Orchestra welcomes interim conductor


Noah Sarabia

Noah Sarabia

Noah Sarabia

Valeria Olivares, Reporter


Rattay stepped in for the spring semester as Lowell Graham, the orchestra’s previous conductor, recently suffered a shoulder injury. The orchestra will present three concerts under Rattay before transitioning back to Graham next semester.

Rattay, who is also the music director of the El Paso Symphony Orchestra, described working with the students as a slower process due to their lack of experience. Although he treats them as he treats other professionals, he understands that he is not working with musicians who have been playing for many years.

“I don’t treat them any different,” Rattay said. “It’s only the process that is a little delayed because of the inexperience.”

Rattay is not the only newcomer.  Jesus Rodriguez, a senior computer information systems major, plays the violin for the orchestra for the first time this semester.

“Working with Mr. Rattay has been incredible,” Rodriguez said. “His level of professionalism inspires all of us to continue to grow as musicians and as an ensemble. I think it’s definitely been something that’ll last with us for the rest of our careers.”

Although Rodriguez is currently taking six courses and graduates in May, he makes time for music.

“I’m extremely busy,” Rodriguez said. “But just being part of the orchestra is definitely something I wanted to do before I graduated.  I’ve always had passion for music.”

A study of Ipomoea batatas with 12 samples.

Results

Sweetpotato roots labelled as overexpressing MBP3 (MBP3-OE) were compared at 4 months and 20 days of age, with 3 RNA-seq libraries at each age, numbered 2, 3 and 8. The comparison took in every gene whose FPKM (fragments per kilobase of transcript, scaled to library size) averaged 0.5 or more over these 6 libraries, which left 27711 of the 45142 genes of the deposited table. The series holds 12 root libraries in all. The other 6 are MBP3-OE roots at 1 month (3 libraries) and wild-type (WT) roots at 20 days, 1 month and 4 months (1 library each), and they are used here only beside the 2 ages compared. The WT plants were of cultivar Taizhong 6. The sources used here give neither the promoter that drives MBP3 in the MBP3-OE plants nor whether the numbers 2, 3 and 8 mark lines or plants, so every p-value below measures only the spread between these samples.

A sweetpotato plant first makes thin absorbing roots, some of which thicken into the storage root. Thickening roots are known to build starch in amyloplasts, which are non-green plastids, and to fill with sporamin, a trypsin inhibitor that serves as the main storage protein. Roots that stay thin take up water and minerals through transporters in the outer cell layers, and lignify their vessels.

Like Rodriguez, Preston Griffith has a passion for the music that they perform. Griffith, who is learning how to be an orchestra director, is a violinist and the concertmaster of the UTEP Symphony Orchestra. He is currently pursuing a master’s degree in music education.

“I went into this career because I grew up playing music,” Griffith said. “My mom’s an orchestra director and I learned from, basically, a toddler how to play violin and I kept on playing and got better and better. I thought that there’s nothing else I want to do. There’s nothing else I’d rather do. I don’t think I could do anything and be as happy.”

Christopher Terrazas, a music education major who plays the trombone, spoke highly of Rattay as the new conductor.

“He is very expressive in this conducting and I really love the energy that he brings to the group,” Terrazas said. “(Rattay) expresses a lot of passion in his conducting and everything he does. He’s very patient with all of his students and shows a lot of care and respect for everyone.”